Impossible Foods Raises $500m At Nearly $4bn Valuation: Source
Plant-based meat company Impossible Foods said it raised about $500 million in its latest series F funding round, which was led by South Korea's Mirae Asset Global Investments, a new investor.
According to a source familiar with the deal, the post-money valuation now approaches $4 billion. Reuters reported in November that the company was aiming to more than double the $2 billion valuation it attained in its May funding round.
According to Impossible Foods' certificate of incorporation filed in Delaware on Friday (13 March), the original issue price of the series F shares are $15.4139. Series E, the previous round, was issued at $10.6038.
The funding announcement comes as the novel coronavirus outbreak hits hard, with schools in many states closing and consumers emptying shelves at grocery stores.
Top venture capital firm Sequoia recently called it a "black swan" event and urged its start-ups to be careful with cash.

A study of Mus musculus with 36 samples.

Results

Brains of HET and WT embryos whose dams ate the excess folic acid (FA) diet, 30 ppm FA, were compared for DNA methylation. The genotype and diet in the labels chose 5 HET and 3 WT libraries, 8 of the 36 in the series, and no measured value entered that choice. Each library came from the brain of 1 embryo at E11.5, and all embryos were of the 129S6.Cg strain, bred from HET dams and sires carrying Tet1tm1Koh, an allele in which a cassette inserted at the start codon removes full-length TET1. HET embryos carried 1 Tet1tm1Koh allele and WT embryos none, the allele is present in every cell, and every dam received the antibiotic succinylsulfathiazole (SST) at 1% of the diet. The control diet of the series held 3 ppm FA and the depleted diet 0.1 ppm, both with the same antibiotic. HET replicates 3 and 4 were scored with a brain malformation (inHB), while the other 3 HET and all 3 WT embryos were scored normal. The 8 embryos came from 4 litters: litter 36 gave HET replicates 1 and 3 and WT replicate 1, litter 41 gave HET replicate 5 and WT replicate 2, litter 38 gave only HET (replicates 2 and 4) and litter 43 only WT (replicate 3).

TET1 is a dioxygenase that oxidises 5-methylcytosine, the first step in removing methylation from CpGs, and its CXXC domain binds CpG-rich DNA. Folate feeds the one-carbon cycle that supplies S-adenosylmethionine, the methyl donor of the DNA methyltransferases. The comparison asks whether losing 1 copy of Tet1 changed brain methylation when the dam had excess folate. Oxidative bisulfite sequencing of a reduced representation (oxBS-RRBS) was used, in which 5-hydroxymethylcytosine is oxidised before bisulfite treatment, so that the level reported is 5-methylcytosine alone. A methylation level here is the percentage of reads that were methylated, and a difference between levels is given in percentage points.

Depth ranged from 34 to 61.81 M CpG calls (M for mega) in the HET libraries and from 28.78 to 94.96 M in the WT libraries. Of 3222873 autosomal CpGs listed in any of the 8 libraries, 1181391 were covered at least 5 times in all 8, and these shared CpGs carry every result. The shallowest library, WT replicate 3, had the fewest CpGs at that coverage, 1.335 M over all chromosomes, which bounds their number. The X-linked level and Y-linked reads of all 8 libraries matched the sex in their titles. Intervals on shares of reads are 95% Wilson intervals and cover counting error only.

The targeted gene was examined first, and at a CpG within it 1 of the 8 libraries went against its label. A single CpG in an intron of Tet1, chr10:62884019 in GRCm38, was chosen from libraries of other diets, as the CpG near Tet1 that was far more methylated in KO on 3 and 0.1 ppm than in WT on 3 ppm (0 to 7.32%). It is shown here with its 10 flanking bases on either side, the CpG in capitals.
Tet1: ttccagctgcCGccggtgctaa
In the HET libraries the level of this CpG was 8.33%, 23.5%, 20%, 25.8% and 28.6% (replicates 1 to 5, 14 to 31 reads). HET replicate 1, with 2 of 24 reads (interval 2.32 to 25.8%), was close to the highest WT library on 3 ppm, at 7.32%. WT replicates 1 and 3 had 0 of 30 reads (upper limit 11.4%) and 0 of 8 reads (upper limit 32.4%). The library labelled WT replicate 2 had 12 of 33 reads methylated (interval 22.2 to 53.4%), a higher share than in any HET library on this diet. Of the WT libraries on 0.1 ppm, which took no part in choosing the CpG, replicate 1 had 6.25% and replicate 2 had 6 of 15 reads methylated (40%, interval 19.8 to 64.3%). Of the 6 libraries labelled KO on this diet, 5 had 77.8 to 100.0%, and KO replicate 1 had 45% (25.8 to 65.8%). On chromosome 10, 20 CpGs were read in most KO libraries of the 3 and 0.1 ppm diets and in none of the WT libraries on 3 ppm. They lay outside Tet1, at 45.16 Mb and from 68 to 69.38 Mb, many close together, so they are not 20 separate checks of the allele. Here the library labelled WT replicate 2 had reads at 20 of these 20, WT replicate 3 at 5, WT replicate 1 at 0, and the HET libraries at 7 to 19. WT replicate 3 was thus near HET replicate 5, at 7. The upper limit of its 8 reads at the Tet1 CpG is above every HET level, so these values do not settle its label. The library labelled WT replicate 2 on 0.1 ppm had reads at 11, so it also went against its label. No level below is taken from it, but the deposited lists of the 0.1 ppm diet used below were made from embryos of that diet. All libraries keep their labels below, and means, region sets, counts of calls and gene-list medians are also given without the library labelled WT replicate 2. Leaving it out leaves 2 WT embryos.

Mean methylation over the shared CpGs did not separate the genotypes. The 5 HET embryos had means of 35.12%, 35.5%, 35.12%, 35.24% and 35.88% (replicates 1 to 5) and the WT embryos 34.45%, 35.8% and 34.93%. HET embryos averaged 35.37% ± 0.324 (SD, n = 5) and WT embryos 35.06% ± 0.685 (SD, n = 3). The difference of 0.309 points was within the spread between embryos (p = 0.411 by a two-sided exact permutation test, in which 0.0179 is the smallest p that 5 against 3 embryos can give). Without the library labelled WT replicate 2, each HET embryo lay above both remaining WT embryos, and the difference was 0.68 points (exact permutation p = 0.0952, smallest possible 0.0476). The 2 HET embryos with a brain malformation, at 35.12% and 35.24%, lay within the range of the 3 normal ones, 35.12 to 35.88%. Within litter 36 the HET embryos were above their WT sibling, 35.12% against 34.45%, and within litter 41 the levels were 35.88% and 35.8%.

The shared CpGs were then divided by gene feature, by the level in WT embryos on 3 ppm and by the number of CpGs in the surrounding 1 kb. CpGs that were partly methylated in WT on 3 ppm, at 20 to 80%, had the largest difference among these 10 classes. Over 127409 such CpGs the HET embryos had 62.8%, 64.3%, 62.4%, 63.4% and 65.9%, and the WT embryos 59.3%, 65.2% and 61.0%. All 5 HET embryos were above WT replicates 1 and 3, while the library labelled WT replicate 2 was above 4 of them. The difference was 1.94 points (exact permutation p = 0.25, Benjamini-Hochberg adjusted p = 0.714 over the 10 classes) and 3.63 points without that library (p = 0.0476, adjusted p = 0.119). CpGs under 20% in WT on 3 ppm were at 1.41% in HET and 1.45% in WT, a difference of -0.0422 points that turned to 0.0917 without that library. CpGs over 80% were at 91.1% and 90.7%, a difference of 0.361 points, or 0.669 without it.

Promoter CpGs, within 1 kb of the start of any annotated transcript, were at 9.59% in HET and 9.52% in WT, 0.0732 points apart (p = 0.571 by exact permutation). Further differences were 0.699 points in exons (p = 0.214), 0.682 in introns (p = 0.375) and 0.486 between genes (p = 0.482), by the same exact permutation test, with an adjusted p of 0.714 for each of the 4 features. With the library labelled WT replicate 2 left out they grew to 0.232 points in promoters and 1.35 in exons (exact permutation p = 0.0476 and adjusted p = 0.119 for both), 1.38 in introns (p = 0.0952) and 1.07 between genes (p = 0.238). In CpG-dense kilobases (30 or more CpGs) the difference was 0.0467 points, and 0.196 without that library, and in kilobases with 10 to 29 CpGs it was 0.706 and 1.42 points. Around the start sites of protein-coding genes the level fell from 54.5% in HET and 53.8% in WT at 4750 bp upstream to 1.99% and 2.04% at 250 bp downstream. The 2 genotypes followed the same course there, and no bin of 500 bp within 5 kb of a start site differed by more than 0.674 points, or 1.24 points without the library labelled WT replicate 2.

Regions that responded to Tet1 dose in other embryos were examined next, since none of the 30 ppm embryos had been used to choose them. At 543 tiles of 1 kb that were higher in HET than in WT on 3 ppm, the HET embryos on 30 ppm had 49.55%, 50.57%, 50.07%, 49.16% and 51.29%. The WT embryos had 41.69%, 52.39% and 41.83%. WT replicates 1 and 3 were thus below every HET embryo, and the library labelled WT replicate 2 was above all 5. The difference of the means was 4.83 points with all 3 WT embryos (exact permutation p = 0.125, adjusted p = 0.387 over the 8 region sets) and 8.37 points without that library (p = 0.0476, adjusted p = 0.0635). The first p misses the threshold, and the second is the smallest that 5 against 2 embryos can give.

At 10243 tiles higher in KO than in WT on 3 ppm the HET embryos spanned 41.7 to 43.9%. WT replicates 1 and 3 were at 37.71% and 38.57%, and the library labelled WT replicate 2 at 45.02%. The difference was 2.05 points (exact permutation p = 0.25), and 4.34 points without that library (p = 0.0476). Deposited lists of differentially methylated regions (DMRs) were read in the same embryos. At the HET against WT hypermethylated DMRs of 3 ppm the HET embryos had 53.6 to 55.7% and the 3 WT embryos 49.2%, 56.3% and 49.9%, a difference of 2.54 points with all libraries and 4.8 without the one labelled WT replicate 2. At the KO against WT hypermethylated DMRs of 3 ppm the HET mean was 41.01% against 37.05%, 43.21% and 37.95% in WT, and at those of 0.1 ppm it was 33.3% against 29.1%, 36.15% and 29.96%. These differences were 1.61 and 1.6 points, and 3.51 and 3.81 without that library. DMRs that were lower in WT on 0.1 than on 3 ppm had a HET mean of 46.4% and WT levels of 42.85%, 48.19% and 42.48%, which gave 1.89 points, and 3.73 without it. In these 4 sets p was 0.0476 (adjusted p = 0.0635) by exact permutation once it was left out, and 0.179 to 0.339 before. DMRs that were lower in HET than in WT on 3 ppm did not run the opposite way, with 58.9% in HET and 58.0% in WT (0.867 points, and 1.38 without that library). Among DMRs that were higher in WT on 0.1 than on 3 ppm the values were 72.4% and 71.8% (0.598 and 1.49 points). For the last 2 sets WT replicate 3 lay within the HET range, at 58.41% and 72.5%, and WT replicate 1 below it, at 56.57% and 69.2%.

"Whatever the headlines are, we have the means to withstand short-term shocks and realize our long-term mission," Impossible Foods Chief Financial Officer David Lee said.
The latest round brings the total raised by the Redwood City, California-based company to $1.3 billion. Other investors in this round include Khosla Ventures, Horizons Ventures and Temasek.
Demand For Alternative Meat
Plant-based meat and lab-grown meat companies have been gaining traction with many consumers becoming more aware of the environmental impact of industrial animal husbandry.
Rival Beyond Meat Inc surged last year as it went public, and recently had traded at three times its initial public offering price in May. But the shares dropped on Monday, along with the broader market slump, pulling Beyond Meat's market capitalisation to under $4 billion.
Lee declined to discuss when Impossible Foods could go public. He said the latest funds will help the company expand its manufacturing capacity. In addition to its plant-based burger patties, Impossible Foods also launched plant-based sausages and pork earlier this year.